Board members play key roles in fundraising. They are “ambassadors”—evangelists, even—who carry the organization’s vision into the community. They create critical connections between potential donors and the organization. They help maintain long-term relationships with donors and provide stewardship experiences. And, of course, they invest time and financial support in the mission of the organization.
Yet, sometimes, board members can be reluctant to fully embrace fundraising. As one trustee told us, “There are some people who enjoy raising funds. Most people don’t. Most people are shy and bashful about asking their friends for money. So, they do it under a sense of duty or duress, one or the other.”
As development professionals, we know that there are many ways board members can contribute to fundraising without ever asking for a single cent. But, in the face of insidious myths about fundraising, what can a development professional do? Here are five approaches to managing up with board members.
- Make It Clear…
…that it’s not about asking friends for money. Of course, some board members are going to be comfortable (and adept at) asking for contributions. Most aren’t. And that’s perfectly fine; there are many equally crucial fundraising roles that board members play.
- How can you help your board members understand that asking friends for money is not an expectation?
- How will you help them recognize the truly critical roles they play?
2. Make It Connect
Time and again, board members, trustees, and volunteers we interview stress that they want to be involved with organizations that accomplish important things. How these people define “important” is based on their life experiences. For example, the trustee quoted above went on to tell us, “I don’t like raising money any more than anybody else.” But he does so—willingly and with passion—at an organization focused on Alzheimer’s research because his wife died after a 20-year battle with the disease.
- How can you discover your board members’ personal stories and connect them with your organizational initiatives?
- How can you articulate these initiatives in a way that inspires your board members?
3. Make Their Role Meaningful
Not only do the board members we interview tell us they want to be involved in meaningful work, but they want to be involved in a meaningful way. One volunteer sums it up nicely: “I like to be deeply involved. There has to be something I can bring a skill to that would make a difference in the organization. If I can’t, then I’m not sure why I’m there.”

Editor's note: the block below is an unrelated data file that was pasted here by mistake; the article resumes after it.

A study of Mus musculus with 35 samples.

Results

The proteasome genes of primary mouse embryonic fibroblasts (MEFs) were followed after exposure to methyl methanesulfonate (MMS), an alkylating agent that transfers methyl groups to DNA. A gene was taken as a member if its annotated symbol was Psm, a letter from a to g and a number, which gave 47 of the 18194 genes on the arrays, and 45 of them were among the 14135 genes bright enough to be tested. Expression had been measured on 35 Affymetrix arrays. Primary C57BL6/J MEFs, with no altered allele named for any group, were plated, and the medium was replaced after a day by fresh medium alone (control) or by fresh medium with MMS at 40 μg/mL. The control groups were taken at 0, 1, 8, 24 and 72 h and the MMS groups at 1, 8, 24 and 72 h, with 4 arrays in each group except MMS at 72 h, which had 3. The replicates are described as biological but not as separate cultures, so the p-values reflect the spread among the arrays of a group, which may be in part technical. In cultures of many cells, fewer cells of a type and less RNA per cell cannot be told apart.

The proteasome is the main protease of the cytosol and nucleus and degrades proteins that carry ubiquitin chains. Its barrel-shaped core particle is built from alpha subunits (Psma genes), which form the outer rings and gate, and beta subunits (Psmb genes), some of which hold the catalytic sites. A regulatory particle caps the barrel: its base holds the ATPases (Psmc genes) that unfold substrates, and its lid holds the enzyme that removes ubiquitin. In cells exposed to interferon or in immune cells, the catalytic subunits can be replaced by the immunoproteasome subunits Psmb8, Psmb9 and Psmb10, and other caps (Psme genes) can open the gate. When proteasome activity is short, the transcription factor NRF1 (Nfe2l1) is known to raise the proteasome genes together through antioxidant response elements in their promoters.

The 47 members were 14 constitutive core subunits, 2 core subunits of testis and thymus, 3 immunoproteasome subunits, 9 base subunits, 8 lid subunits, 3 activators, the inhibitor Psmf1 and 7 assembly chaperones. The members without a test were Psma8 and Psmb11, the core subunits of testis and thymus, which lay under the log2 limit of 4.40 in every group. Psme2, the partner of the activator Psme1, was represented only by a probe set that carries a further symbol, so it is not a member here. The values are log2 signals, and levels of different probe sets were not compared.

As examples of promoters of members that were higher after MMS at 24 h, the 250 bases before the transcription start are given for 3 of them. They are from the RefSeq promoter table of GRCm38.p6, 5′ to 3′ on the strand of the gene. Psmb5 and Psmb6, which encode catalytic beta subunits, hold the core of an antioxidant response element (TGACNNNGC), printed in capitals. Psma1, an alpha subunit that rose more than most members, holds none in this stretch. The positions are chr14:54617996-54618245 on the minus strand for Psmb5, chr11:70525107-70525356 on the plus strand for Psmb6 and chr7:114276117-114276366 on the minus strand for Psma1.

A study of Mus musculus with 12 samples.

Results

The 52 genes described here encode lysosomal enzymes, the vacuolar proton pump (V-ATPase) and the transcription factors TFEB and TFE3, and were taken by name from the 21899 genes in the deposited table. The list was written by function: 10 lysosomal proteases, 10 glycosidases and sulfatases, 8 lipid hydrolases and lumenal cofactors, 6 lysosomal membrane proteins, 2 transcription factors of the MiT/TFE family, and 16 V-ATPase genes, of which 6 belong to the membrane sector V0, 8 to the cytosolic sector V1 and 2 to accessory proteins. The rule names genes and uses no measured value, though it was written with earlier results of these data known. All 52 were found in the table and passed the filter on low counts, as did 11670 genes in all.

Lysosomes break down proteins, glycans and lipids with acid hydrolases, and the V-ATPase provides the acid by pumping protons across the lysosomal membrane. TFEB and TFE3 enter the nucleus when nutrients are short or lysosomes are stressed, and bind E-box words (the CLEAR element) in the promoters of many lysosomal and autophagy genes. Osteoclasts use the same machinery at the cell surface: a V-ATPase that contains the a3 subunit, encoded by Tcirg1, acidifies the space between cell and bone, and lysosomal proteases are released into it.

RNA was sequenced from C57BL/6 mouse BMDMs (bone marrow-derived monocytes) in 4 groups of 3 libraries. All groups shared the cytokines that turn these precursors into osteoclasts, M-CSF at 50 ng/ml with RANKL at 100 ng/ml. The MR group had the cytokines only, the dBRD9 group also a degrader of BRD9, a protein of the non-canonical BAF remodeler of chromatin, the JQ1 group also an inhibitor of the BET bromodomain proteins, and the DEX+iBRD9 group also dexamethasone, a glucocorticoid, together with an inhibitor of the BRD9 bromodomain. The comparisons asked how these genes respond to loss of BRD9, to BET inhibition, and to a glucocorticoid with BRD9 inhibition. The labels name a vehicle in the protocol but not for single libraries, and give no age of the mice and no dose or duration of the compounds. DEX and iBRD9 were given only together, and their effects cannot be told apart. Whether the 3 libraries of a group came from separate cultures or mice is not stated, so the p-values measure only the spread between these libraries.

- How can you discover your board members’ unique skills and connect them with specific development roles?
- Who currently serves on a board and has skills you are underutilizing?
4. Make It Easy
Board members want to contribute meaningfully—but that is difficult when there has been no training in how to do so. As one board member told us, “If you want me to be an advocate, make it easy. Give me the training, tools, and experience I need to be effective.”
- How might you identify resources your board members need to be effective?
- How will you provide those resources?
5. Make It Rewarding
Lastly, do your board members feel valued? Do they see the impact of their important work? This board member expresses a perspective shared by many volunteers: “In my case, the amount of time spent is really proportional to how much value I think I provide. I ask myself, ‘Do I enjoy this? Do I feel it is worthwhile? Do I feel it is appreciated by the organization?’”
- What are you doing to create a return on the investment board members make with your organization?
It’s important to remember that even if your board members aren’t directly asking for money, they still play a critical role in the donor development process. By managing up and inspiring them to be involved in philanthropy, you’ll be able to connect with new donors, as well as inspire your board members to deepen their connection with your organization.